January 2008 (reprinted from the Ventura County Star)
By The Ventura County Star
Court limits state law: Medicinal pot smokers can be fired for use
While California's medical marijuana law might help an individual avoid criminal prosecution, it doesn't protect a person's job, the state's Supreme Court ruled Thursday.
The 5-2 decision clears up uncertainty about employers who fire employees for using legally-prescribed marijuana.
The ruling came as a surprise to Ventura labor lawyer Tony Strauss, who said he will need to change the advice he's been giving employers.
He has been erring on the side of caution, advising employers to let it slide if they think their employees are using medical marijuana. Strauss said he believed employees would be protected by the Americans with Disabilities Act.
"This certainly has been an issue," he said. "I've always taken the conservative approach because California is liberal in its interpretation of disabilities, and I thought this was something that would have been covered."
The question before the court was whether voters had intended to change employment law with the enactment of the Compassionate Use Act of 1996, added when voters approved Proposition 215.
The court did not find anything in the history of the act to indicate voters intended to amend the state's employment laws.
Justice Kathryn Werdegar wrote: "For a court to construe an initiative statute to have substantial unintended consequences strengthens neither the initiative power nor the democratic process; the initiative power is strongest when courts give effect to the voters' formally expressed intent, without speculating about how they might have felt concerning subjects on which they were not asked to vote."
The ruling implies that if voters want to change employment law, they can do so via another measure, said Karen Gabler, an employment law attorney and partner in Nordman Cormany Hair & Compton LLP in Oxnard.
"This is a great example of the checks and balances that our government is founded on," she said. "The courts don't make legislation, they apply legislation.
"So I thought the court was very good about fulfilling its role and not overstepping its bounds in the context of our governmental system."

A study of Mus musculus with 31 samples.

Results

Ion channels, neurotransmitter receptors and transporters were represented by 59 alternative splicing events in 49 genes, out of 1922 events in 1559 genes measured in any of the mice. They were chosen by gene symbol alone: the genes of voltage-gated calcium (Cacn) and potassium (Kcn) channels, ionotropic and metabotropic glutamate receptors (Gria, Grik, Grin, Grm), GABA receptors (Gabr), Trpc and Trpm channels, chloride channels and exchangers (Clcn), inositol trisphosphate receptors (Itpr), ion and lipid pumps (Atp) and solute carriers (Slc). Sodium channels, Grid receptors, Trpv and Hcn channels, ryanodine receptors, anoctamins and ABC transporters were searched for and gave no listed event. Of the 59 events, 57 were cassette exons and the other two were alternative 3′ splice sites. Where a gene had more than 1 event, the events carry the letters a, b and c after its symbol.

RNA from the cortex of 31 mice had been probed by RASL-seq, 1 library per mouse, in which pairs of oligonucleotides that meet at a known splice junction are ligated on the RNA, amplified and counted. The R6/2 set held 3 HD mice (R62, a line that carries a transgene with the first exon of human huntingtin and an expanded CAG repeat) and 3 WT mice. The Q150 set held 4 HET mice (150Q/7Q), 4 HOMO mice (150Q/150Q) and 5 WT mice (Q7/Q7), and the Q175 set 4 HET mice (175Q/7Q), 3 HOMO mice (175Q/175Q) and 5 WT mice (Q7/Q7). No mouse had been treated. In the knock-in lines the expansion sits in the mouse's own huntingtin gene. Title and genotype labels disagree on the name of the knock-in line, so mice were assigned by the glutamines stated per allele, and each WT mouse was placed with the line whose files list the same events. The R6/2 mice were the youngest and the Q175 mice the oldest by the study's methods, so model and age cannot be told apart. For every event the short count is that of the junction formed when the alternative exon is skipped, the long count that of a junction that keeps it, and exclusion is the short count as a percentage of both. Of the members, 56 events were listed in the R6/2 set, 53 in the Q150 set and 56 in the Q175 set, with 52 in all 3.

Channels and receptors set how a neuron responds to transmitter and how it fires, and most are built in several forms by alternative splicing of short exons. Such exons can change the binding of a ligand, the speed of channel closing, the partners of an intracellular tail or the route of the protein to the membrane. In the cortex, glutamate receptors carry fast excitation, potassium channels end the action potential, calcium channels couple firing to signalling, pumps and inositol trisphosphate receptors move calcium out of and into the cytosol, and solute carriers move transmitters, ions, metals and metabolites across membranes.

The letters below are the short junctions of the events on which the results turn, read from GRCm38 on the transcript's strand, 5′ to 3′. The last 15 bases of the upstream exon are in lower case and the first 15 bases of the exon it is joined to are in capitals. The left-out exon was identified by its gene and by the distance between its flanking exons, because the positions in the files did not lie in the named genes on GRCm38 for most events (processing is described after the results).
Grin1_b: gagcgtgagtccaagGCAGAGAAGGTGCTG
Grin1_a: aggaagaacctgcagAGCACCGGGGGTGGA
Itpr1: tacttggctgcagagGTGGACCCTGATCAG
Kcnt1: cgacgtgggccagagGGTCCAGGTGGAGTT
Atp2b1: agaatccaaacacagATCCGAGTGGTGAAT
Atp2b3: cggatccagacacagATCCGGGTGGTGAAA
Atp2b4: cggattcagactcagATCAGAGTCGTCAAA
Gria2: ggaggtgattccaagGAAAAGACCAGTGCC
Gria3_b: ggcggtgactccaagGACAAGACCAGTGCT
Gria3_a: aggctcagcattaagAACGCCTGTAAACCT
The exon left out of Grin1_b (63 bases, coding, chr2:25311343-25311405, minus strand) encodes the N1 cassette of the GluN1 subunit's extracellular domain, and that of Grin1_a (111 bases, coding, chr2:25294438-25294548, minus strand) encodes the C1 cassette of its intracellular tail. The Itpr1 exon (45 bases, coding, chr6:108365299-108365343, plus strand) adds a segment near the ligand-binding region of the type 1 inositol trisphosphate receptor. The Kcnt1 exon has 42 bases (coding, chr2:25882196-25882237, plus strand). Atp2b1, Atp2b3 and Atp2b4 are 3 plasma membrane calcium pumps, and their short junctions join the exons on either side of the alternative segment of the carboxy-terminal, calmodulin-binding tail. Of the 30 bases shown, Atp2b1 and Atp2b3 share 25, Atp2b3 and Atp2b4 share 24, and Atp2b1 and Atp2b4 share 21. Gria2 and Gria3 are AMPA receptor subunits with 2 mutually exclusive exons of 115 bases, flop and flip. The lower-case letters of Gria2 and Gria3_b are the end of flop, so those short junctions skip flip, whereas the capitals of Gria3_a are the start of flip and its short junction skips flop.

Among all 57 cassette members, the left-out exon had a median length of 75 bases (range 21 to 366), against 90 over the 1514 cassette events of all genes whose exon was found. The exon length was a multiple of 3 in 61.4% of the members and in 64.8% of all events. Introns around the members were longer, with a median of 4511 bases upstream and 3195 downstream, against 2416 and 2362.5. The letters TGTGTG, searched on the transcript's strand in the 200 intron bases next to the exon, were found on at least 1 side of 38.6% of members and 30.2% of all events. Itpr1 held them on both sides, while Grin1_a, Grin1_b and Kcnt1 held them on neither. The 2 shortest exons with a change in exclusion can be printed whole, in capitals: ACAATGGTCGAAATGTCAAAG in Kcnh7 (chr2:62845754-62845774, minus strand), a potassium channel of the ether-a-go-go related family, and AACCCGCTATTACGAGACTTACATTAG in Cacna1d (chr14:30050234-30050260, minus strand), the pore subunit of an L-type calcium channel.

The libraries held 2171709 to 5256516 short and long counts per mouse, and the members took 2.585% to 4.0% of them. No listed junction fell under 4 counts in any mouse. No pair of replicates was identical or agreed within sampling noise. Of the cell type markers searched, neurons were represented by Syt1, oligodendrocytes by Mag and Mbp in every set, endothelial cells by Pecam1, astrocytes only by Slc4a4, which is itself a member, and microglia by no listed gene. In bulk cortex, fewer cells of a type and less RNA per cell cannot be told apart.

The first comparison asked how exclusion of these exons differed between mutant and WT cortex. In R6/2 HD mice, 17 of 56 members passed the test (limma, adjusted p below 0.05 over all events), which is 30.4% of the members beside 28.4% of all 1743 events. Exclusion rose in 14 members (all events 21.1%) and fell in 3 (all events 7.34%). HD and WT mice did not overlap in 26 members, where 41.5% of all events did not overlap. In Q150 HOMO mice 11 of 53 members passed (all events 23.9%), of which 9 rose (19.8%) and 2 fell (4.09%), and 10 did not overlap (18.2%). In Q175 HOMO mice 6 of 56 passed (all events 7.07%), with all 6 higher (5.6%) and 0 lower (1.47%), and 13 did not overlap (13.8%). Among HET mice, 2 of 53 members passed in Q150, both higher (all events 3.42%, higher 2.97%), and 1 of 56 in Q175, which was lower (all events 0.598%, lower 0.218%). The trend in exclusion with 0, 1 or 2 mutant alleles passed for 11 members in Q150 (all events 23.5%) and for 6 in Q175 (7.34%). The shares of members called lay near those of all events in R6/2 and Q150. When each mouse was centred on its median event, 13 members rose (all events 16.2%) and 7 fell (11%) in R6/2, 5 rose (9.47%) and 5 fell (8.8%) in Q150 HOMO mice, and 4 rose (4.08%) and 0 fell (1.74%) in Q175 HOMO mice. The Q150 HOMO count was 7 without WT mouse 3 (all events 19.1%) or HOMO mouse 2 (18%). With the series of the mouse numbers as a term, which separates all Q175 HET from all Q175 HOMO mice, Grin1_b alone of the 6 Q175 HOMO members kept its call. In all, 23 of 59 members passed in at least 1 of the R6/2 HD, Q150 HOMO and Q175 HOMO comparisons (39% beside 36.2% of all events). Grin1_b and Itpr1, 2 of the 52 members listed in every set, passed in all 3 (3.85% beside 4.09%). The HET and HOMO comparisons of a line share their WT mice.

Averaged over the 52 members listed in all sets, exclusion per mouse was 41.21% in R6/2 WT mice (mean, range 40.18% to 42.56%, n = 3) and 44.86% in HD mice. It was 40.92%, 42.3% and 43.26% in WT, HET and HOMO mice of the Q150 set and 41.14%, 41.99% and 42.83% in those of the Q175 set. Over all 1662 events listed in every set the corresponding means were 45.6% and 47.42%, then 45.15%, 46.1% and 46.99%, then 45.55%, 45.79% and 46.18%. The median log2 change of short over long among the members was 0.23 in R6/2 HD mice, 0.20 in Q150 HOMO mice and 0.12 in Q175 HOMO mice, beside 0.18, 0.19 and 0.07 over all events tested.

The ruling stemmed from a case involving a Sacramento telecommunications company that fired Gary Ross for flunking a company-ordered drug test. He had his physician's permission to legally use marijuana to treat a back injury sustained while serving in the Air Force.
Ross took a drug test and started his job at the company, RagingWire Telecommunications Inc. A few days after he started, the company got the results back and he was fired.
As an aside, Gabler said employers would be wise not to do what RagingWire did. "If you are going to do a pre-employment drug test," she said, "don't let the person start working until you get the results."
Nonetheless, RagingWire successfully argued it fired Ross because all marijuana use is illegal under federal law, which does not recognize the medical marijuana laws in California and 11 other states.
With a 2005 U.S. Supreme Court decision declaring that state medicinal marijuana laws don't protect users from prosecution, the Drug Enforcement Agency and other federal agencies have been actively shutting down major medical marijuana dispensaries throughout California over the last two years and charging their operators with serious felony distributions charges.
RagingWire said it fired Ross because it feared it could be the target of a federal raid, among other reasons.
The Santa Clara Valley Transportation Authority and the Western Electrical Contractors Association Inc. had joined the case, arguing that companies could lose federal contracts and grants if they allowed employees to smoke pot.
The conservative nonprofit Pacific Legal Foundation said in a friend-of-the-court filing that employers also could be liable for damage done by workers who are high.
Ross' attorney had argued that medical marijuana users should receive the same workplace protection from discipline that employees with valid painkiller prescriptions do.
A dissenting opinion, written by Justice Joyce Kennard and joined by Justice Carlos Moreno, attacked the majority's ruling as "conspicuously lacking in compassion." Kennard said the ruling "disrespects" the California medical marijuana law, and employers should be barred from firing workers who use medical marijuana as long as they continue to perform their jobs adequately.
"The majority gives employers permission to fire any employee who uses marijuana on a doctor's recommendation, without requiring the employer to show that this medical use will in any way impair the employer's business interests," wrote Kennard.
-- The Associated Press contributed to this report.